Where is that crackling, ringing, or buzzing noise coming from? In the case of someone who has hearing aids, it may mean they fitting and adjustments. For everybody else, tinnitus may be the answer.

Even though we typically think of our ears in terms of what we see on the outside, there’s more than meets the eye – or in this case, the ear. Here are some of the more prevalent noises you may hear in your ears, and what they could reveal is happening.

What’s The Cause of The Snap, Crackle, And Pop in My Ear?

We can tell you one thing – it’s not Rice Krispies. When the pressure in your ears changes – whether from a change in altitude, going underwater, or simply yawning – you might hear crackling or popping noises. A small part of your ear called the eustachian tube is the source of these noises. The crackling is caused by mucus-lined passageways opening up, allowing air and fluid to move and equalize the pressure in your ears.

It’s a natural process, but sometimes, like if you’re dealing with inflammation from allergies, a cold, or an ear infection, your eustachian tubes can literally get clogged up from the overabundance of mucus in your system (don’t forget, that there’s a connection between your ears, throat, and nose). In severe cases where decongestant sprays, chicken soup, or antibiotics don’t provide relief, a blockage might require medical treatment such as surgery.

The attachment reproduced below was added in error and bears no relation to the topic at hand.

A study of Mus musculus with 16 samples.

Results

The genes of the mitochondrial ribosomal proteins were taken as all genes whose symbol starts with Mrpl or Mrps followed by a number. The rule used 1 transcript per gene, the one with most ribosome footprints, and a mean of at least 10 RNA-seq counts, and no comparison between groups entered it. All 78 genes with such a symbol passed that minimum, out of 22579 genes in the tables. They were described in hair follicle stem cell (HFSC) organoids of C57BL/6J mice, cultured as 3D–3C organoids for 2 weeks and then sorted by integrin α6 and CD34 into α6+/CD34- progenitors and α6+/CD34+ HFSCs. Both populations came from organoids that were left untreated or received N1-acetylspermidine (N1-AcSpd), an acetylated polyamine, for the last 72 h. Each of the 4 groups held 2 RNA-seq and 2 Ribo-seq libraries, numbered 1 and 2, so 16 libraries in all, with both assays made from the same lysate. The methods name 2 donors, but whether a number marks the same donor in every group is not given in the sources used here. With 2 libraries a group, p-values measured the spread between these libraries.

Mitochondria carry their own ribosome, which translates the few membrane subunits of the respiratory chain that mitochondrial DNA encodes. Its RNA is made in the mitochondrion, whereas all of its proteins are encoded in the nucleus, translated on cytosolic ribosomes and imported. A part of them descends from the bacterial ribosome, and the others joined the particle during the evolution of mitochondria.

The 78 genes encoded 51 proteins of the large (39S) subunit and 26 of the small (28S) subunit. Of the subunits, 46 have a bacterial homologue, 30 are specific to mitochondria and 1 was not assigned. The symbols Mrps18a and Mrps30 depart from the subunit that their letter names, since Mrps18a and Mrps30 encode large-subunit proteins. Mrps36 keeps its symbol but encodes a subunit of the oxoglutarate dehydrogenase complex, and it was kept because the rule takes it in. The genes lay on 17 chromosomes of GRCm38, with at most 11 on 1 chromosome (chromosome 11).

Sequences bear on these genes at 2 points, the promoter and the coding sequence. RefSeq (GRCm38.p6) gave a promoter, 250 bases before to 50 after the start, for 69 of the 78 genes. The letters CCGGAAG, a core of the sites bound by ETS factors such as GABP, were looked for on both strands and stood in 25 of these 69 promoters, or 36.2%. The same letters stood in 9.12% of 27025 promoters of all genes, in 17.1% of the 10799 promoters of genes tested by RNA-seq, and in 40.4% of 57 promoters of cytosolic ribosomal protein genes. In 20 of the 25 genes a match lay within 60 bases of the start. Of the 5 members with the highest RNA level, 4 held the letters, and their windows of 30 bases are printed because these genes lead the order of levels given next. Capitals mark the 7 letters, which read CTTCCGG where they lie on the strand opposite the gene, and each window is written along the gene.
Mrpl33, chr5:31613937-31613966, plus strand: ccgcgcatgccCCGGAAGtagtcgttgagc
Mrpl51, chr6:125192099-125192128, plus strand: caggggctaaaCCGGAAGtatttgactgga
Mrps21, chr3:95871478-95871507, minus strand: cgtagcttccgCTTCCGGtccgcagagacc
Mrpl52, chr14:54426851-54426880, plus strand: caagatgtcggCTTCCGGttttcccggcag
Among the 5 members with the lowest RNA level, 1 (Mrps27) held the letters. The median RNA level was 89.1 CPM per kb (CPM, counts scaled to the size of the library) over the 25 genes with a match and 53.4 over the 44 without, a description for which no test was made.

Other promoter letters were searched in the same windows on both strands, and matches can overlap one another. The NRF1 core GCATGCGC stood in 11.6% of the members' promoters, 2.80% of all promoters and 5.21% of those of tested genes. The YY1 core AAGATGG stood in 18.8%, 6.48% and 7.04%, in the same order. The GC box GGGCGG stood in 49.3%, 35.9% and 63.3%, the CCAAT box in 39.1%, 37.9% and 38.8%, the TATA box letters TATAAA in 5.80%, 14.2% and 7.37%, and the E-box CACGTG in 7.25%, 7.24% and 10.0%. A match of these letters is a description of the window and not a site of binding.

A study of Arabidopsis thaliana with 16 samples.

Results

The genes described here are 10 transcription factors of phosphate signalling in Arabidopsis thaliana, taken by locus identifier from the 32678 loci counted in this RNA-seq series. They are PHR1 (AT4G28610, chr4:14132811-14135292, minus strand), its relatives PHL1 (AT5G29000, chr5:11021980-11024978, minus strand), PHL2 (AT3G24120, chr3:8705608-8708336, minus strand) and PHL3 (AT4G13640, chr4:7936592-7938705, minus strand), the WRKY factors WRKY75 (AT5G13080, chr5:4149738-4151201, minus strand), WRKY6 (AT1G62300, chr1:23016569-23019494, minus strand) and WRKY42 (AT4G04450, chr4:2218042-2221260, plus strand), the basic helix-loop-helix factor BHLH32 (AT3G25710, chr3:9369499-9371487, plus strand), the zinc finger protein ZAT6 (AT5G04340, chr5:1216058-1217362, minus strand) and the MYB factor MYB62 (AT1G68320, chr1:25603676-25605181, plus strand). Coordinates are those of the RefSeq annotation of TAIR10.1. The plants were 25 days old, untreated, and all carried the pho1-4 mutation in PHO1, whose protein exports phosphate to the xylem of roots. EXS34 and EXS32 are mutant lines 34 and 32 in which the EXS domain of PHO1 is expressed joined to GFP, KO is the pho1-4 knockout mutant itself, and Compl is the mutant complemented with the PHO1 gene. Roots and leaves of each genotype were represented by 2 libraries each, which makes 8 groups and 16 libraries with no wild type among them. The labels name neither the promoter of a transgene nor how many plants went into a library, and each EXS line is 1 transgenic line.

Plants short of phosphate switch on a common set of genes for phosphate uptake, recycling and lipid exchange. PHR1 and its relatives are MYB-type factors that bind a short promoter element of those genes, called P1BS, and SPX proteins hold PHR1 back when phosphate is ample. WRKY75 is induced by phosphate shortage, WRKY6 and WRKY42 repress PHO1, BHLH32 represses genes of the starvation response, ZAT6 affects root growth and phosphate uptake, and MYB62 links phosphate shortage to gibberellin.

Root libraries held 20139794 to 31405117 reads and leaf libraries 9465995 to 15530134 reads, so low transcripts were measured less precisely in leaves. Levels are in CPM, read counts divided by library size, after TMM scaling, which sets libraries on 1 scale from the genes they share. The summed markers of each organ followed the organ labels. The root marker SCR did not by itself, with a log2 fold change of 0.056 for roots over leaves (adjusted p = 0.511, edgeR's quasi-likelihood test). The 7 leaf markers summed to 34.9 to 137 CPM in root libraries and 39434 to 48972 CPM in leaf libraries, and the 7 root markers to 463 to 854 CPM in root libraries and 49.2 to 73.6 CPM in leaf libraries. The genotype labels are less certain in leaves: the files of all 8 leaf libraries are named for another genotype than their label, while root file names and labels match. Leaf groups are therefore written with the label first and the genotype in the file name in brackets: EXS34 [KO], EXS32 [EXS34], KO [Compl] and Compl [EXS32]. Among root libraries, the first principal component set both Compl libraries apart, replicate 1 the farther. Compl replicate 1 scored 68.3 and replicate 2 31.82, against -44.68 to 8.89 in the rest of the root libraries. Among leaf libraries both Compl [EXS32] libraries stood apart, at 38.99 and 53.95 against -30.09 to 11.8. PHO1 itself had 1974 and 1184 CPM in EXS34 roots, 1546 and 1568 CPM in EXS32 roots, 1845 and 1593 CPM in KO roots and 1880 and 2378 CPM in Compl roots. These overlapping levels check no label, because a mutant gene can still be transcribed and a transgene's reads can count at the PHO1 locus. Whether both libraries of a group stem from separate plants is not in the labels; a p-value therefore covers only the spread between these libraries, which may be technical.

I’m Hearing Vibration in my Ears – What Does That Mean?

Sometimes tinnitus manifests as a vibration in the ears. Tinnitus is the medical term for a disorder that causes people to hear noises that have no external cause, like vibrations, inside of the ear. It’s generally described as a ringing in the ears and can, in some cases, be mild, and in others, debilitating.

What Should I do About Noises in my Ear

If you have hearing aids, again, checking those is the first task. There may be several reasons that you would hear these sounds: your batteries need to be recharged, the hearing aids aren’t properly seated in your ears, the volume is too loud, or your hair is brushing up against it. But if you don’t use hearing aids and you’re hearing this kind of noise, it may also be the result of accumulated earwax.

It makes sense that too much wax could make it difficult to hear and cause itchiness or even inner ear infections, but how can earwax create a sound? If it is pushing against your eardrum, it can actually restrict the eardrum’s ability to function, which is what causes the ringing or buzzing. Luckily, managing earwax is usually pretty straightforward.

If you’re hearing unusual noises, call us. If your hearing aids are not working correctly we can help with that.